We’re glad to welcome a new guest blogger at the Scratch Pad! The Itinerant Golfer profiles Steve’s quest to play all of the top 100 golf courses in America. You’ll get a chance to see a round in action, along with great photos of the holes on the course. We’re glad to have him with us, and will be sharing some of his best posts with you.
Location: Haven, WI
Architect: Pete Dye
Year Constructed: 1998
Played: June 11, 2009
I wasn’t quite sure what to expect as I headed to Wisconsin to play Whistling Straits. Despite its high ranking of #22 on the Top 100 list, I wasn’t overly excited to play it. From what I could tell about the course from my research on the internet and from watching events played there on TV it was probably not going to be my kind of course. I was hoping to be surprised.
Once I got outside of Milwaukee I was in rural Wisconsin and was thankful for my trusty GPS unit. Eventually I saw the Whistling Straits sign and turned into the driveway. As I wound my way around I was very pleasantly surprised to see that there was no colossal clubhouse or hotel. Instead it was just a modest little clubhouse built to look like an Irish Cottage. Whistling Straits Golf Course was designed to have the feel of an authentic Irish golf club. I’m feeling better about this already. The photo below (which I did not take) shows a great view of the clubhouse.
Herb Kohler of Kohler faucet fame built Whistling Straits. Kohler’s corporate HQ are just a driver and pitching wedge away from Whistling Straits. The American Club was actually not built by Herb Kohler, it was actually used by the Kohler Company to house the immigrant workers at the factory in the early years of the company, it was then renovated and turned into what is now a Five Diamond Resort. In addition to serving recreational golfers like me the course has also hosted events for both the PGA and USGA. The first major event to be held at the course was the PGA Championship in 2004 Continue reading “Top 100 Courses: #17 Whistling Straits”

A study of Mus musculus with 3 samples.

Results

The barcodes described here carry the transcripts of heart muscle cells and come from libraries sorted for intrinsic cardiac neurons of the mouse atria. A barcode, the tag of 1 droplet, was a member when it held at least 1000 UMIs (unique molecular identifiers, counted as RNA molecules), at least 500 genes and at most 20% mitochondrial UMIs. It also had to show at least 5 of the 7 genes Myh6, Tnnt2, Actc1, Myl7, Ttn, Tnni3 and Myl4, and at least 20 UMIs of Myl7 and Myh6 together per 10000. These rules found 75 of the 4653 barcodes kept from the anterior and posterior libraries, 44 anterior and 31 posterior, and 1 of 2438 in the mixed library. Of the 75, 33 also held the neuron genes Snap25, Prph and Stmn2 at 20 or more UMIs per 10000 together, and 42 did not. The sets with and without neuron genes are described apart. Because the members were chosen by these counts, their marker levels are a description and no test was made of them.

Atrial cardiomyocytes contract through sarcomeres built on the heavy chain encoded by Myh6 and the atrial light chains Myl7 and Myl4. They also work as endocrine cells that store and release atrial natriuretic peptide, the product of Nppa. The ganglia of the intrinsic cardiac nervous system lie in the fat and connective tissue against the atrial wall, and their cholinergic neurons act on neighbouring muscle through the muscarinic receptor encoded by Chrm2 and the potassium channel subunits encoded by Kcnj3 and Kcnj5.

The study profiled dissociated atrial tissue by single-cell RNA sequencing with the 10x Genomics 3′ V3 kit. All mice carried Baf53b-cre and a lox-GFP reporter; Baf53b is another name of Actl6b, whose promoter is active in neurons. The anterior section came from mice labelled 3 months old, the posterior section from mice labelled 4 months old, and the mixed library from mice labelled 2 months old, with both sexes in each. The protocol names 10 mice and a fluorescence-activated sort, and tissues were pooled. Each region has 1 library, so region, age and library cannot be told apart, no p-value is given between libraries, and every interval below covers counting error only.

Disclaimer – Do you get tired easily if you walk 18 holes? If yes, this post is not for you.
The Nullarbor Links golf course in Western Australia’s Golden Outback is long enough to wear out a new pair of shoes. This unique 18-hole, par 72 golf course stretches 848 miles and is undoubtedly the World’s longest golf course. Walking obviously isn’t an option here and neither are golf carts! Players need to bring their automobile and drive to the next hole since the average distance between holes are 66 kms (in fact two of the holes are 200 km apart).
The course, dreamed up over ‘a couple of beers’ and five years of effort was developed to enhance tourism along the highway, providing travelers with a most unusual added attraction. Each hole showcases a local attraction, including ancient fossil beds, a giant kangaroo statue, whale-watching and more. In addition camels, kangaroos and wombats give players the company but you will have watch out for the crows – they have a habit of stealing balls (around 200 balls had been lost so far). The course takes three to four days to complete and at the end each golfer is awarded with a certificate of completion. Playing the Nullarbor is a real test of determination and patience, but is also an experience you might never forget.